Human bone marrow mesenchymal stem cells (hBM-MSCs) have been widely used for tissue engineering applications because of their abundance in adults, relatively easy isolation, ability to differentiate into multiple mesodermal lineages, and capacity to secrete a spectrum of bioactive/therapeutic/trophic factors with chemoattractive, immunomodulatory, angiogenic, antiscarring, and antiapoptotic functions.1–6 Despite the notable advances in the field, their ex vivo expansion remains challenging, often associated with phenotypic drift and senescence, imposing the need for engineering more appropriate/bioinspired in vitro microenvironments to maintain their function and therapeutic potential.7,8 Among the various in vitro microenvironment modulators, physiologically relevant (to the cells) low oxygen tension (frequently termed hypoxia) has been characterized as a critical component of the stem cell niche.9–11 It has even been suggested that hypoxia preconditioning of BM-MSCs should become a clinical standard before their implantation.12 This can be rationalized considering that in vivo tissues and organs undergo a broad range of oxygen tensions, depending on their distance from the capillaries, which is markedly lower than the inhalation oxygen tension (∼20%). After entering the lungs, oxygen travels through the bloodstream, and when it reaches the different organs, oxygen tension ranges from 2% to 9%.13 In the bone marrow, for example, BM-MSCs reside in regions of low oxygen tension, ranging from 1% to 6%.10,11 Herein, the influence of low oxygen tension in hBM-MSC in vitro and in vivo fate, with emphasis to orthopaedic clinical indications, is briefly discussed.
Several studies have advocated the beneficial effects of low oxygen tension in hBM-MSCs fate. Hypoxia has been shown to maintain hBM-MSCs undifferentiated state and multipotency,14 and to suppress senescence, typically observed at 20% oxygen tension, via the downregulation of the expression of p16 and extracellular signal regulated kinase.15 In addition, 2% oxygen tension in combination with macromolecular crowding, a biophysical phenomenon known to enhance and accelerate (over 80-fold) extracellular matrix deposition,16–18 resulted in a microenvironment capable of maintaining the phenotype of hBM-MSCs and their multilineage potential.19 It has been reported that the hypoxia-inducible factor-1α is activated under low oxygen conditions, which in turn activates the Twist-related protein and downregulates the cyclin-dependent kinase inhibitor 1 (p21), which stimulates cell proliferation.20 Moreover, hypoxia-activated hypoxia-inducible factor-1α significantly increased hBM-MSCs migration through downregulation of integrin α4 and upregulation of Rho-associated kinase ROCK1 and serine/threonine kinase (Rac1/2/3) pathways.21 Furthermore, hBM-MSCs cultured at 1% oxygen and supplemented with fibroblast growth factor-2 exhibited enhanced cell proliferation, chondrogenesis, osteogenesis, migration, collagen formation and regenerative potential.22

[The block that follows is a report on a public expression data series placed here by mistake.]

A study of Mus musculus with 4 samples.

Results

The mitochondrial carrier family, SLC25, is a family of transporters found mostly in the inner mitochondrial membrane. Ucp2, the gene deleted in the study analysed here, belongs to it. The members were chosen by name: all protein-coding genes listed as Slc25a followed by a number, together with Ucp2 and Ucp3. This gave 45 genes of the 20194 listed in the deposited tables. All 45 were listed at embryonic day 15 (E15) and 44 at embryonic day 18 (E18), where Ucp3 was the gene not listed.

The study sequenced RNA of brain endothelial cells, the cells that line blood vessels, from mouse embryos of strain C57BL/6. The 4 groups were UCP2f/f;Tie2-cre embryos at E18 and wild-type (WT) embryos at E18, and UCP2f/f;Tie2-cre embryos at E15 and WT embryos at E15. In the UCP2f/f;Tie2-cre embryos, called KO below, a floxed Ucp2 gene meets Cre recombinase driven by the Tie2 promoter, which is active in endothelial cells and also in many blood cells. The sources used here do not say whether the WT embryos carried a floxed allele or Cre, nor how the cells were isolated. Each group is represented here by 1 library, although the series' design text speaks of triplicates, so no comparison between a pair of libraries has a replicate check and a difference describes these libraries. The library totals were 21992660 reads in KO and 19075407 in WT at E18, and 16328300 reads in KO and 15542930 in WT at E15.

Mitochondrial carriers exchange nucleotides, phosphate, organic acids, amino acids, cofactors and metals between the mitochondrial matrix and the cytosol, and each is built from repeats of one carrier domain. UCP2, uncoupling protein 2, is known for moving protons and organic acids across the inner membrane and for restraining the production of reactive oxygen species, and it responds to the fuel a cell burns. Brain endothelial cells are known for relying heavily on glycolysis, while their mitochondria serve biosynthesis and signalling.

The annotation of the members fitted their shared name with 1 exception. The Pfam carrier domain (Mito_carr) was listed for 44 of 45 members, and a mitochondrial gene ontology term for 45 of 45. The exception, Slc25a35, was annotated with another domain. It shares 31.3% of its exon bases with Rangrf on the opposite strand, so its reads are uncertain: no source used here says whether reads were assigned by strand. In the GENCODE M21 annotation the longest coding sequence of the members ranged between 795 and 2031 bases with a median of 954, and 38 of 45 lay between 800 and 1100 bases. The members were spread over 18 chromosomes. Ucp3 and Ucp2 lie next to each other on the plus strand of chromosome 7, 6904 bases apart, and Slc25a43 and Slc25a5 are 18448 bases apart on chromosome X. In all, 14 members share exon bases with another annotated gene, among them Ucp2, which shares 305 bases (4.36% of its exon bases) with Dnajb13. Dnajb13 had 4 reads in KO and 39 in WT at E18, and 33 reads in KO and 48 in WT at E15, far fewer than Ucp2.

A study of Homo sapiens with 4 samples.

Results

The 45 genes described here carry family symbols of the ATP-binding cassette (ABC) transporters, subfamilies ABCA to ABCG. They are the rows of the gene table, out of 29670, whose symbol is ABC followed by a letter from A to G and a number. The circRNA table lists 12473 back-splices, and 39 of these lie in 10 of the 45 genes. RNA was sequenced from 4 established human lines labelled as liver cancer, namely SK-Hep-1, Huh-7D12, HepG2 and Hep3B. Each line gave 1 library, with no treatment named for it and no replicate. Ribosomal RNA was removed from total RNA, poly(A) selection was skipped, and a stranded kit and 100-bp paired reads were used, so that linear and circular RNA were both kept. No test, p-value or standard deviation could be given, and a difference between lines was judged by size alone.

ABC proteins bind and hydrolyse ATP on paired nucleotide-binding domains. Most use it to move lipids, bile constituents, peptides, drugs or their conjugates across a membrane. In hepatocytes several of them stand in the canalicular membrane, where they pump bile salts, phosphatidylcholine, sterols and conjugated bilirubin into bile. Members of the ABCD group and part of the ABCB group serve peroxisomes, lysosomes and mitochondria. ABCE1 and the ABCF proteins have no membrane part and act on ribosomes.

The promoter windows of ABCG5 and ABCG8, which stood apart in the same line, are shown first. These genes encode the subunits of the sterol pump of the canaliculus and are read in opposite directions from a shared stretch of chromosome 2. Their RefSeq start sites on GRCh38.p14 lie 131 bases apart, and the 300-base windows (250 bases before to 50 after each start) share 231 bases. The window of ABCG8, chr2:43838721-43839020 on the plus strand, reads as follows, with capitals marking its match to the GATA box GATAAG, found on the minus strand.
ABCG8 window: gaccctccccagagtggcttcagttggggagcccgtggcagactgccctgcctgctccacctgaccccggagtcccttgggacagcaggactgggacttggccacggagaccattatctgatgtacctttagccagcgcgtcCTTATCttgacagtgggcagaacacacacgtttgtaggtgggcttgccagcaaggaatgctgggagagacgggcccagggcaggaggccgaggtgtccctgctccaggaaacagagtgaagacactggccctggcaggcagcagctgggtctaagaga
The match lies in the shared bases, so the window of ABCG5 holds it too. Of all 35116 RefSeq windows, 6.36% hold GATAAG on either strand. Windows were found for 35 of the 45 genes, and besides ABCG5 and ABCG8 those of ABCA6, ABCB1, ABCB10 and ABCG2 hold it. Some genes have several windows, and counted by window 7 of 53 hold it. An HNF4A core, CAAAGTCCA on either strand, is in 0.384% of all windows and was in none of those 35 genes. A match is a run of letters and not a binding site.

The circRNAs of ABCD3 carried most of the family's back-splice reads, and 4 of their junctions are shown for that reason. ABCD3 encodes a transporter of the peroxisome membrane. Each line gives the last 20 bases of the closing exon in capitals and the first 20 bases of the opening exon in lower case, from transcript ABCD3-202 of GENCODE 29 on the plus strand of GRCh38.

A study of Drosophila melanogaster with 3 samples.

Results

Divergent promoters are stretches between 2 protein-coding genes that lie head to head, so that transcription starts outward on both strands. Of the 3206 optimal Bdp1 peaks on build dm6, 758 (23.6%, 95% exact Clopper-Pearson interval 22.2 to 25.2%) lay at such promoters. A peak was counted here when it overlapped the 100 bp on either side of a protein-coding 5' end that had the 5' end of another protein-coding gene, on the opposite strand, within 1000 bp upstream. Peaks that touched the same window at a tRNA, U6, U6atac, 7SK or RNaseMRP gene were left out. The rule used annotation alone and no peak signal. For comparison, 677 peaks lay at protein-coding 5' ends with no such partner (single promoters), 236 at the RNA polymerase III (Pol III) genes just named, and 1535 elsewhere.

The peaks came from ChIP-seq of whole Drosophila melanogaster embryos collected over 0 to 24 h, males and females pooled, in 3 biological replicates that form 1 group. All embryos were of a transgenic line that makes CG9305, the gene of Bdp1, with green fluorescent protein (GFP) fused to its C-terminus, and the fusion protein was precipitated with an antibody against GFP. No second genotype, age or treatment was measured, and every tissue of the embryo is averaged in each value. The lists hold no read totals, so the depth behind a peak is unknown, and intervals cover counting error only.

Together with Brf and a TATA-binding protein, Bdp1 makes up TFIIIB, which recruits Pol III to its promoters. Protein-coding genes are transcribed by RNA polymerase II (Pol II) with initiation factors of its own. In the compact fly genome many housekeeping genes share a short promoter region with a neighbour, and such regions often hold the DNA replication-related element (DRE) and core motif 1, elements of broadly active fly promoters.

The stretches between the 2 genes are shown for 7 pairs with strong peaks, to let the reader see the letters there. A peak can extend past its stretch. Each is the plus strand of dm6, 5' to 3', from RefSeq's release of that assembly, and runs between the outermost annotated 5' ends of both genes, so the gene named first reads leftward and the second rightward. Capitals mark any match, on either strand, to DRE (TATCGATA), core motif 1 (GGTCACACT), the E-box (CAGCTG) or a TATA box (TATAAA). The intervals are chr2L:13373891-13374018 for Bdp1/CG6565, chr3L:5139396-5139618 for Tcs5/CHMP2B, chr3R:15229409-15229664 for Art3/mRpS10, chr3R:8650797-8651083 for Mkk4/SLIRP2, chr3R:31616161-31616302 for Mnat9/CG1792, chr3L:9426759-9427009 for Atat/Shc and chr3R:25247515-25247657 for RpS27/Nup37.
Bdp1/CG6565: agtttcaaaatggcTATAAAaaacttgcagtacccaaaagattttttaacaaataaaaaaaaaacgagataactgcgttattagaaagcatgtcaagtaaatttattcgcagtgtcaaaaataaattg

Regarding chondrogenic induction, a wealth of studies has demonstrated the beneficial effect of low oxygen tension. For example, isolation and expansion of hBM-MSCs at 2%23 and 3%24 oxygen tension have been shown to promote chondrogenesis, compared with cells cultured at 20% to 21% oxygen tension, as revealed by the increased expression of chondrogenic-related genes and higher glycosaminoglycan content. Notably, in vivo implantation of hypoxia preconditioning hBM-MSCs embedded in alginate beads enhanced the chondrocyte phenotype of cells, producing a cartilage-like tissue in athymic mice.25 Hypoxia preconditioning of BM-MSCs has also been shown to promote osteogenesis in both in vitro and in vivo settings. Cells cultured at 1% oxygen tension in Arg-Gly-Asp-alginate hydrogels were shown to promote osteogenic and angiogenic responses.26 Two percent oxygen tension has been shown to increase the proliferation and the osteogenic differentiation of stem cells from donors with osteonecrosis of the femoral head, suggesting hypoxia preconditioning as an effective treatment to stimulate bone healing.27 In immunocompromised mice, preconditioned at 1% oxygen tension, as opposed to 20 % oxygen tension, hBM-MSCs that were seeded on hydroxyapatite/tricalcium phosphate-based scaffolds produced soluble and insoluble collagen that brought about a stable extracellular matrix and resulted in improved regenerative potential of the bone.28
Physiologically, for the hBM-MSCs, low oxygen tension has been shown to be beneficial to their proliferation, migration, plasticity, and differentiation in vitro and to augment their therapeutic potential in vivo. Yet again, only a handful of studies have assessed the therapeutic potential of hypoxia preconditioned stem cells in clinic. For example, intracoronary administration of hypoxia preconditioned of hBM-MSCs after acute myocardial infarction has been shown to be safe and feasible.29 It is imperative to conduct more clinical trials to assess the efficacy and efficiency of low oxygen tension-treated hBM-MSCs in orthopaedic clinical indications.
References printed in bold type are those published within the past 5 years.